I was originally supposed to publish this on 1/1/10. However, in WordPress my blog software, I managed to publish on 1/01/09. Therefore, it got lost in a pile of old posts. It’s a little late, but still relevant.
In the early 1900′s, Russell Conwell had the idea to start an affordable college. He had one problem, he didn’t have the money.
That didn’t stop Conwell. He went on to raise the money himself, by delivering the same speech over 6,000 times.
The speech was titled Acres of Diamonds and in it was a true story that went something like this….
An African farmer heard stories of men who made their riches prospecting for diamonds. The farmer decided to sell his farm and join the others prospecting for diamonds.
The farmer spent the rest of his short life prospecting for diamonds, never with any success. With nothing to show for his years of work, the farmer ended up committing suicide.
Meanwhile, back at the farm, which the now dead farmer once sold, there was a small stream. One day, the man who bought the farm found a stone in a stream on the property. He didn’t know exactly what it was, but it was nice looking enough that he placed it on his mantle.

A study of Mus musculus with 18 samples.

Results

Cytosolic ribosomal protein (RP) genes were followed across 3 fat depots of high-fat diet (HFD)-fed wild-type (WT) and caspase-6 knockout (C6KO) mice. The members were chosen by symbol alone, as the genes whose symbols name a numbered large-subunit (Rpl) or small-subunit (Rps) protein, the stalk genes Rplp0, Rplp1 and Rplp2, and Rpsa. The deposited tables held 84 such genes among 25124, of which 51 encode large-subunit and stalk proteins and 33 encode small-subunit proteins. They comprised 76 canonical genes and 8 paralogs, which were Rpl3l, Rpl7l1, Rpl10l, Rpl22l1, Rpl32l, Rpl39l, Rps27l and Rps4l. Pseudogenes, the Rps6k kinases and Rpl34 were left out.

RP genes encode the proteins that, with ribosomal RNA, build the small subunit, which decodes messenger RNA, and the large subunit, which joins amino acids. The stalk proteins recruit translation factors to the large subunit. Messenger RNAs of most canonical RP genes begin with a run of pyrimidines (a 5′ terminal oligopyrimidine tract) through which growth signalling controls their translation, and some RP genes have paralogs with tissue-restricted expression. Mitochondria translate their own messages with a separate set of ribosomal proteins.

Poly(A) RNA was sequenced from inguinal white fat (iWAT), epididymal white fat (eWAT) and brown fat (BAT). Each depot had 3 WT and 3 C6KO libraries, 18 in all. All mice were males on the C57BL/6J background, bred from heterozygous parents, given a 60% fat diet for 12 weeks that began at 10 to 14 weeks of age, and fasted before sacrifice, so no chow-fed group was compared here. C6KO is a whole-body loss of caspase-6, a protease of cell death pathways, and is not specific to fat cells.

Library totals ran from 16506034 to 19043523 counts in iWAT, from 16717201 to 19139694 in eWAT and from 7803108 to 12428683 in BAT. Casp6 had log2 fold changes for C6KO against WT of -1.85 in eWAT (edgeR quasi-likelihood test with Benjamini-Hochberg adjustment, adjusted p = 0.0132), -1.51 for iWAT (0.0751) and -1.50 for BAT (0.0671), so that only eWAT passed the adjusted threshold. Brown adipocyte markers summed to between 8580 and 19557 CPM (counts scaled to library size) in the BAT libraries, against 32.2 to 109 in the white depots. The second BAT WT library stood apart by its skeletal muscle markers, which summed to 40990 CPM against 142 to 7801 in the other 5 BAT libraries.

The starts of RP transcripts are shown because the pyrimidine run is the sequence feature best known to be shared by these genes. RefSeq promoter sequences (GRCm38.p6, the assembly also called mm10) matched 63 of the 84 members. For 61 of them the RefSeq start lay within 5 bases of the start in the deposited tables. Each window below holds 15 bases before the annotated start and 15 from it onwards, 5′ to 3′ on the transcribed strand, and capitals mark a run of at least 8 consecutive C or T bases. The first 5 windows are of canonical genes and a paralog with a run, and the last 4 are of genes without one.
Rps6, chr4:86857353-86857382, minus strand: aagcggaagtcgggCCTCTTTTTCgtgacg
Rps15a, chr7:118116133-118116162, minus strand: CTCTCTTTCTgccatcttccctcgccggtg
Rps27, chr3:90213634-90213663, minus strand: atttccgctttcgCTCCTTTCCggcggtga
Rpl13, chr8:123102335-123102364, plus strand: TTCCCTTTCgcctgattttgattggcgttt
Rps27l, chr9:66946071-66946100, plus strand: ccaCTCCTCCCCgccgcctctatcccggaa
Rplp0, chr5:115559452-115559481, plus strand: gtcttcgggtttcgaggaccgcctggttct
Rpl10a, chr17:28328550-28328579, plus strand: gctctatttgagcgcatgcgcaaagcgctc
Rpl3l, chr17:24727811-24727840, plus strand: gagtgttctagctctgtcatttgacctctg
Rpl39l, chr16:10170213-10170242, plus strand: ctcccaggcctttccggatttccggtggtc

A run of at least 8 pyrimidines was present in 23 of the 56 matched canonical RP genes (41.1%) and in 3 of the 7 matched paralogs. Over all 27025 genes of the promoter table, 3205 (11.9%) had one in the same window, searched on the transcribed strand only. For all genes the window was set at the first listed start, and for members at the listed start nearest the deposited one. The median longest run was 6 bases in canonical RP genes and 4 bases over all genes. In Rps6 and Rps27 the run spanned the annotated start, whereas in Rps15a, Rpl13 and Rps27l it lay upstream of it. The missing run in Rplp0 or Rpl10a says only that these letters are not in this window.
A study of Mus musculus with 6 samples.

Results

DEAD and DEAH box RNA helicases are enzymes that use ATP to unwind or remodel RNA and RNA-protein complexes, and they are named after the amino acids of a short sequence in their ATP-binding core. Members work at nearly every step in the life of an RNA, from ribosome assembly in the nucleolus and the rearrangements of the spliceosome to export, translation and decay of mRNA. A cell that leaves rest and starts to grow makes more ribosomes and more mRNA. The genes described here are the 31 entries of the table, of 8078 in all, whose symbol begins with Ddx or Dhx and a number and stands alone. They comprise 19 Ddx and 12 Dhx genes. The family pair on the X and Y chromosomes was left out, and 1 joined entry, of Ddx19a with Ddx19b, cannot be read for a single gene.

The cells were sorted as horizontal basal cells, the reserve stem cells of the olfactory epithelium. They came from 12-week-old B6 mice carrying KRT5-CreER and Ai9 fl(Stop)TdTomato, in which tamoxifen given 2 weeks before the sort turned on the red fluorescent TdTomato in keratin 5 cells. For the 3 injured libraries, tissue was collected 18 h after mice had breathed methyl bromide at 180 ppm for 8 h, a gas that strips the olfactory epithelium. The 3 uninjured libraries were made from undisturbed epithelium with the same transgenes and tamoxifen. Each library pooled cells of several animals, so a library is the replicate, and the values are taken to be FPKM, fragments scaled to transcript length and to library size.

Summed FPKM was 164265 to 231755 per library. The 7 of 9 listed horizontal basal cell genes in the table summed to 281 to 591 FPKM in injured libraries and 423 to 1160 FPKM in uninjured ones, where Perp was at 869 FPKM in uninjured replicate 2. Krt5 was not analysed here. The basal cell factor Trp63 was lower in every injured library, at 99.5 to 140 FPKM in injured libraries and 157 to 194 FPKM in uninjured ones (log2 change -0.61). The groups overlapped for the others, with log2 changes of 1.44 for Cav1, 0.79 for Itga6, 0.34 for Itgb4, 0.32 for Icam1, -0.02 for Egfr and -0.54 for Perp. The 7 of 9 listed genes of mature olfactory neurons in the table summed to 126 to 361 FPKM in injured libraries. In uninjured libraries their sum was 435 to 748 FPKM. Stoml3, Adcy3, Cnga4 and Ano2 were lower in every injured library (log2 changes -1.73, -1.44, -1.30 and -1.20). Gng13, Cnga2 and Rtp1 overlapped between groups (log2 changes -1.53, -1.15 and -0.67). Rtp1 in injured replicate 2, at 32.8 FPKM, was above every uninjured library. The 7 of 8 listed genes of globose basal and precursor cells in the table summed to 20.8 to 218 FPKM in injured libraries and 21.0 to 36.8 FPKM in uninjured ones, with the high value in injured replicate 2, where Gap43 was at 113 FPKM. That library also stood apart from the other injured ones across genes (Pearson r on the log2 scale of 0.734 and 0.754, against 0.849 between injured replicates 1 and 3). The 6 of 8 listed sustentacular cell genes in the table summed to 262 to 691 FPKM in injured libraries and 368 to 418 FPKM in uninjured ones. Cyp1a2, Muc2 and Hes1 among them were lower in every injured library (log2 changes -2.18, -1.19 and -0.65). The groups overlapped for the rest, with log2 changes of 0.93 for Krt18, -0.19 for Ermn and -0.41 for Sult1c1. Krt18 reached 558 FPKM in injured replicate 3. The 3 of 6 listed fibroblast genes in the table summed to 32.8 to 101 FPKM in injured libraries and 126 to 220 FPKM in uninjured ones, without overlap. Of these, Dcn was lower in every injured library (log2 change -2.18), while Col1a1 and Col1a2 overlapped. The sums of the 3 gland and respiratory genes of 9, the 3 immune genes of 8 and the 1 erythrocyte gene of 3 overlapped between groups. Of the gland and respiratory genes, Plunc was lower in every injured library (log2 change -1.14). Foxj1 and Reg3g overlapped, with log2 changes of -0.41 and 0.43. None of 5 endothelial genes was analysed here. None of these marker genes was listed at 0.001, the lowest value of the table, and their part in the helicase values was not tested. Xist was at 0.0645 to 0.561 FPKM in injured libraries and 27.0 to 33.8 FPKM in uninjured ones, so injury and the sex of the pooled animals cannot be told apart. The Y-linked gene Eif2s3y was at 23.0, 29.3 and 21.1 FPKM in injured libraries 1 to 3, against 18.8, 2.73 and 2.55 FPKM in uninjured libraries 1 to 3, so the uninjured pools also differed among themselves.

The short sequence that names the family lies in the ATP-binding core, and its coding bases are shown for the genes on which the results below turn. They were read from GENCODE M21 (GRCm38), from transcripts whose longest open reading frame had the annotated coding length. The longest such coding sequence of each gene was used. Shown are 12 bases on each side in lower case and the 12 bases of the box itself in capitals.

Soon after placing that stone on the mantle, a visitor saw it and was in shock. Immediately, asking the man if he knew what he had found.
That stone sitting on the mantle happened to be the largest diamond ever discovered. Better yet, the stream on his farm was filled with similar stones. Turns out, it was the most productive diamond mind in all of Africa.
The moral of the story is pretty easy to see – opportunity, wealth, happiness… whatever you want is right in your own backyard.
You are standing in your own acres of diamond. You just need the patience and persistence to keep searching your own backyard.
In what area of your life are there acres of diamonds waiting to be found?
Learn more about your present line of work, read biographies of people who have done what you want to do, find a better way to do something you do each day.
Russell Conwell was able to build Temple University with his Acres of Diamonds speech.
What can you start to build in 2010?